Avoiding headaches: educate your clients by staying ahead of these three common questions

Nothing makes a business owner more anxious than having to deal with an angry—or frustrated—client. It’s a layer of stress on top of the million other tasks that need to be done daily that no one has time for. The good news is that most of the time, these situations can be avoided with some simple client education and expectation setting from the very beginning.

Here are three top questions that clients may have that are both totally predictable AND easily avoided:

client education, frustration, expectation, delivery, headaches, upset, workflow, pdf
Question #1: How much will this cost me?

We get it. Talking about money makes people uncomfortable. It’s an anxiety that doesn’t seem to really go away. But, it’s important… and believing that we are worth our price is the name of the game. Outlining your price from the very beginning is critical, and it’s important to assume that a potential client has NOT read through pricing options with a fine-toothed comb. If you’ve ever had a client ask “What does the session fee include?” or “How many photos will I get?”, you are missing a prime opportunity to educate your clients.

The solution: Send your pricing information at the beginning of the booking process and utilize a questionnaire in your workflow to understand what products a potential client may be interested in. Understanding if the client is interested in digital files, prints for the walls or a beautiful album can help you set a solid understanding of the pricing from the beginning. It also gives you the opportunity to talk them through their options and increase your sales!

Question #2: What should I wear to the session?

Matching. White. Shirts. Oh please no. There’s nothing worse than showing up to a session and finding your clients in matching outfits. The bottom line is that you’re the expert and you know what photographs well. We know what kind of outfits will make them look best, what might look best at their session site and some tips on how best to make colors and patterns work. If your clients show up in hard-to-photograph outfits, it’s something that can be easily avoided by educating them on the front end.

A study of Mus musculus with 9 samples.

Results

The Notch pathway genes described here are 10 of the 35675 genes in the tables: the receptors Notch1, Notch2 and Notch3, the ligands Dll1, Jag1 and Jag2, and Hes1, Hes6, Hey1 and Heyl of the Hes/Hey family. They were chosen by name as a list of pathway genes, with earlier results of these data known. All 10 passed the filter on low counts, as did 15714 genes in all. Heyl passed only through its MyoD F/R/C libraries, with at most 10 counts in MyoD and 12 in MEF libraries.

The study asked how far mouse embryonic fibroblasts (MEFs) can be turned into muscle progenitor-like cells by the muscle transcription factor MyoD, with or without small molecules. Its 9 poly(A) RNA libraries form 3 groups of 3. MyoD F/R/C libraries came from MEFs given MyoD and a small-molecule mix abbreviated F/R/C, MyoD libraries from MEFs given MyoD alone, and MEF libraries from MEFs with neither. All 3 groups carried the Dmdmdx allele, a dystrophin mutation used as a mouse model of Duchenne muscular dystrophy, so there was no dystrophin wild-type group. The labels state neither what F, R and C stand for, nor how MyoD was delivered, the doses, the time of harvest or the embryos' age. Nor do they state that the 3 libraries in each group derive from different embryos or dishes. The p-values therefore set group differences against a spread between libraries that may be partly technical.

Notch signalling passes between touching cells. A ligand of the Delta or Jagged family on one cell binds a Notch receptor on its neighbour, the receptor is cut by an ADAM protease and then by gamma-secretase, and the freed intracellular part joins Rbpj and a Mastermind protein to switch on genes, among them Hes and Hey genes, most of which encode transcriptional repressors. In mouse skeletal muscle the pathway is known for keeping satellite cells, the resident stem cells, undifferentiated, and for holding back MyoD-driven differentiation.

The solution: Creating a “what to wear” document for each type of session you do and sharing it with your clients is a great idea. It will not only position you as an expert, but it will also work to establish trust with your clients. A list of best practices will make your clients feel confident and ready to go. It is easy to attach a document like this in a confirmation email that is automatically sent after your client has confirmed their session. They will thank you a million times over for helping set them up for success!

Question #3: Where are my photos?

The dreaded “where are my photos?” email is one that no photographer ever wants to get. Clients don’t always understand what is involved in processing and editing images, and they may be confused about how quickly their photos will be in their hands. Whether your delivery time is a few days or a few weeks, it’s an easy client frustration to avoid by taking several opportunities along the way to talk to your clients about what the entire process looks like.

The solution: Take the time to talk to your clients about what they will get and when they will get it. Outlining your process and deliverables in your booking conversation is one way to set the expectation. Taking a moment at the end of the session to remind them when their images will be done is a good time to reiterate what they can expect next. Additionally, setting up an automated thank you email is a great way to remind them of next steps, including image delivery.


Bonus solution: Preparing a killer email to let your clients know that their gallery is finished is a fantastic way to give them instructions on how to download their images, order prints, schedule their IPS appointment or whatever next steps best flow with your process. It’s also a good time to give them a gentle nudge on best practices for sharing online, including tips on (not applying) filters, and giving photographer credit!